7 Nov 2017

Focusing on green energy for rural areas, course participants discussed possible energy solutions for remote islands of Indonesia.

One of the main challenges in electricity-sector development, particularly in rural areas, is the mismatch between primary energy resources versus population density. Although there has been an increase in rural electrification rates in APO member countries, efforts now need to address the demand for creating more green energy systems. Indonesia is no exception.


In attempts to address the growing need for green energy in the country, the National Productivity Organization (NPO) of Indonesia organized a training course on Green Energy Systems for Rural Applications Technology in Jakarta, 17–19 October 2017. The course was organized under the APO Technical Expert Services Program that provides technical assistance to NPOs and related organizations to strengthen their institutional capacities and upgrade their competencies in line with national needs for productivity improvement in specific areas.

The three-day training course was attended by 26 participants, mainly trainers from vocational training centers in Jakarta. It was facilitated by five APO-assigned experts from the Industrial Technology Research Institute (ITRI) of the Republic of China (ROC). The team of experts was headed by ITRI Senior Engineer Marco Tsai, who specializes in rural solar application projects and has wide-ranging experience in initial surveying for and installing rural solar systems in the ROC, the Philippines, Myanmar, and St. Kitts and Nevis. The course is one activity under a cooperation agreement between the NPO Indonesia and ITRI, particularly in relation to the dissemination of know-how with local Indonesian experts on planning, operating, and maintaining green systems for rural areas.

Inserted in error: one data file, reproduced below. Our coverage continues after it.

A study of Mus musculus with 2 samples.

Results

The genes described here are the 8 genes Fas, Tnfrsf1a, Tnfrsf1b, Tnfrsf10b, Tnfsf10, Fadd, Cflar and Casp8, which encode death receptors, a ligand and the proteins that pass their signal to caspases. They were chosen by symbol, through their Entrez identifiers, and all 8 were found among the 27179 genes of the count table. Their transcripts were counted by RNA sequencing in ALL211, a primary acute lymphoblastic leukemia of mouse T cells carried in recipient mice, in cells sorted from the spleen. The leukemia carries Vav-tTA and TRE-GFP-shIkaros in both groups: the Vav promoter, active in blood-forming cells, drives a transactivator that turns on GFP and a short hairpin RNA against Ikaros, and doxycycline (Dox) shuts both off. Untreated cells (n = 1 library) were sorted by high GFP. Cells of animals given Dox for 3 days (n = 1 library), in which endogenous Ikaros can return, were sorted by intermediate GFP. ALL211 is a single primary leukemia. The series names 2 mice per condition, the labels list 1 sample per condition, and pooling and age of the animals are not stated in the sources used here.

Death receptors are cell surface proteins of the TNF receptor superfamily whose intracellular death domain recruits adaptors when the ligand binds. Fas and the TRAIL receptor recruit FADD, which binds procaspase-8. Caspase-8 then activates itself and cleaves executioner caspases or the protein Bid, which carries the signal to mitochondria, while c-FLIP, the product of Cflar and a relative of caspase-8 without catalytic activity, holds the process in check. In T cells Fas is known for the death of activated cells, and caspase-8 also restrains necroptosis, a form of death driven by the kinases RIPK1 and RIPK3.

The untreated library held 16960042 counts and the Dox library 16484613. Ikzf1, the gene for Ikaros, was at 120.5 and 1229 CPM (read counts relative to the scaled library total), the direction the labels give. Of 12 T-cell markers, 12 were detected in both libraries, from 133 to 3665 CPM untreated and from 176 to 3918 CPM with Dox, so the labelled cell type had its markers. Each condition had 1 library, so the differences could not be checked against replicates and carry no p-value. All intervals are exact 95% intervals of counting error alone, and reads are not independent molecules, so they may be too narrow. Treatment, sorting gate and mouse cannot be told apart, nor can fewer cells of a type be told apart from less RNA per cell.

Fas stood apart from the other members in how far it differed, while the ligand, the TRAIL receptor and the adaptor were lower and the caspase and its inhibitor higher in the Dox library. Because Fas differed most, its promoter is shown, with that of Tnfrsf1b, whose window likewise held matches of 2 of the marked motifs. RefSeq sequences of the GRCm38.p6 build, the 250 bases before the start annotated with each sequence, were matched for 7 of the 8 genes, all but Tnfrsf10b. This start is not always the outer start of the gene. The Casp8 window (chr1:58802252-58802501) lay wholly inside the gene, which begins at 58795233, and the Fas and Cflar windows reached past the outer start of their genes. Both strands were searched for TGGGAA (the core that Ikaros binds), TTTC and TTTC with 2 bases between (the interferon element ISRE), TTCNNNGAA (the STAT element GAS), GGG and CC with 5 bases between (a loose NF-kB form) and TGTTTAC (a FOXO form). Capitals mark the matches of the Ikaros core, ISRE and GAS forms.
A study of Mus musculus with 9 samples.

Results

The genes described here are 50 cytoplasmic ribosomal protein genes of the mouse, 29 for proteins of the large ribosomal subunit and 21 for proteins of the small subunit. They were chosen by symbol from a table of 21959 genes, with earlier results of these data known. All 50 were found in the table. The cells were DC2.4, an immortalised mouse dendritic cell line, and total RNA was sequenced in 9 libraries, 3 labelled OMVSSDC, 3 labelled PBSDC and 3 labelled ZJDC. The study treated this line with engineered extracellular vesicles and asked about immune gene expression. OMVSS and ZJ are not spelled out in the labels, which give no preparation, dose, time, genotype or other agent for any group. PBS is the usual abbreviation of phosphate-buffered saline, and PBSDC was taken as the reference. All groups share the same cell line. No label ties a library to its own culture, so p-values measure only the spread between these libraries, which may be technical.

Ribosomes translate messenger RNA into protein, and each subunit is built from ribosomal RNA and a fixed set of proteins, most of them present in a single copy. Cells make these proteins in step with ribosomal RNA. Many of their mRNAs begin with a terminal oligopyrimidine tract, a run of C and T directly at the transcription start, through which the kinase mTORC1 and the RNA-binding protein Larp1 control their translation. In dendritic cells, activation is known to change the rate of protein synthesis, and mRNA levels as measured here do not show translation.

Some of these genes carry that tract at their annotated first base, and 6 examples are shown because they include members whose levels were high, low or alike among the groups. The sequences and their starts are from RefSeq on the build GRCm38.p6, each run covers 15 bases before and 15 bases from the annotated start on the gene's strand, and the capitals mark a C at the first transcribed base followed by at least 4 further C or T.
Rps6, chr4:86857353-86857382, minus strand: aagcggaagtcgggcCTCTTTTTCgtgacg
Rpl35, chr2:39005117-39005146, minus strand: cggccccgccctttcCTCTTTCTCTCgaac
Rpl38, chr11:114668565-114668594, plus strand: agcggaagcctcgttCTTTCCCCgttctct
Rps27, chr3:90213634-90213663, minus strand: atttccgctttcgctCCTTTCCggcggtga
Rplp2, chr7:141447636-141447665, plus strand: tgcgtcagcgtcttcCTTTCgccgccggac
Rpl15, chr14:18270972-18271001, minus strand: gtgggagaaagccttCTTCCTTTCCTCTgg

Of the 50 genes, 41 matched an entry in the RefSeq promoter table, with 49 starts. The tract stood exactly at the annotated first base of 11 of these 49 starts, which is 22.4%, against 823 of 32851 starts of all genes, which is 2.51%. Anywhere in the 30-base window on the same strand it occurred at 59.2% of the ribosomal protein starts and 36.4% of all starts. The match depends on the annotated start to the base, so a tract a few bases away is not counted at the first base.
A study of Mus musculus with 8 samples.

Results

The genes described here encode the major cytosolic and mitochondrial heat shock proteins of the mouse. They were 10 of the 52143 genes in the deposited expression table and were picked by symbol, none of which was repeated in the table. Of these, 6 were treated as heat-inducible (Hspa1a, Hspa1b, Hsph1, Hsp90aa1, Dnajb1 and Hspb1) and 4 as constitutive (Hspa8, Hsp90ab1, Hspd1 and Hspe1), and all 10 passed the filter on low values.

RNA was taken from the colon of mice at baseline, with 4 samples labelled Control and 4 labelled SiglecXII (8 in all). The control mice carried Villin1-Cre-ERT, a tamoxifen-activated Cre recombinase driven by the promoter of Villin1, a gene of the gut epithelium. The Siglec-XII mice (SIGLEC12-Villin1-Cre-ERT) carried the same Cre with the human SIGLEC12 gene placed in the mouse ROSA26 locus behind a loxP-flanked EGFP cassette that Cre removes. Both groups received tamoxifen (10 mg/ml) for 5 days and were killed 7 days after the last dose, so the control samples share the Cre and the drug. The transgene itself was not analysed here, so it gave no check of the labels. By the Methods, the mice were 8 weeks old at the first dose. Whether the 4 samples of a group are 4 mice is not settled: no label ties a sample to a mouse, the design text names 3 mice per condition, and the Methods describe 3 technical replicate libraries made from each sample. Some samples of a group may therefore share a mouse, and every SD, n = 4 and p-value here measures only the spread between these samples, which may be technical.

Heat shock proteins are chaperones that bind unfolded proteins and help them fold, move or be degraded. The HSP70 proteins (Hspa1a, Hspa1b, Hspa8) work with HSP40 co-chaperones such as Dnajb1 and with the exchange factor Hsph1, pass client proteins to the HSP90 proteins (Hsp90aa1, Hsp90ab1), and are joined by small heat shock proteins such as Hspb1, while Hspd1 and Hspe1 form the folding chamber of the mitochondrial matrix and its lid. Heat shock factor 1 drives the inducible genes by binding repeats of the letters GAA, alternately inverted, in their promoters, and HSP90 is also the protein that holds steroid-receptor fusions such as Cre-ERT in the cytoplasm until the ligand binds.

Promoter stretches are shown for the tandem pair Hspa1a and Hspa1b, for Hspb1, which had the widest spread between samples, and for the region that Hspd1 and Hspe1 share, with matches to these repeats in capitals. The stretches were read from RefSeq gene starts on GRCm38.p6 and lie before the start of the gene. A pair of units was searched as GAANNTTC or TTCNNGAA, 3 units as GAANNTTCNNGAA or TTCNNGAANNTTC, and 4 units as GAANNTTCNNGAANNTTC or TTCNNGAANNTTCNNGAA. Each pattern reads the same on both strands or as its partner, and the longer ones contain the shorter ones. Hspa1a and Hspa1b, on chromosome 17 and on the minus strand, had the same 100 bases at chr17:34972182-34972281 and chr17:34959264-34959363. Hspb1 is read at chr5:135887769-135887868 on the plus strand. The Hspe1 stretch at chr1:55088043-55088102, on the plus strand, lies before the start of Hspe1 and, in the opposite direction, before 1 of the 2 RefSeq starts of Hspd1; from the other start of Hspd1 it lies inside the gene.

The APO training course was structured to provide a basic understanding of the installation and operation of various renewable energy-based plants, including solar, wind, and energy storage systems, with an introduction of HOMER simulation software to assist in the planning and design of renewable energy facilities. Participants also deliberated on and discussed possible energy solutions for remote islands of Indonesia. In terms of topics, the training was divided into two parts: solar energy system design, operation, and maintenance; and renewable energy mini-grid operation experience.

At the end of the course, an outline of an action plan to promote rural renewable energy applications under the cooperative agreement between the ROC and Indonesia was drafted. The ITRI team’s next visit to Indonesia is planned for February 2018 to visit the electrical vocational training center in Banten province. The team and NPO Indonesia through its affiliated vocational training program plans to survey the site and design a solar energy demonstration project there. That project is expected to provide electricity to a local village and function as a training center for trainers in rural solar energy systems. If successful, the model could be replicated in other rural areas.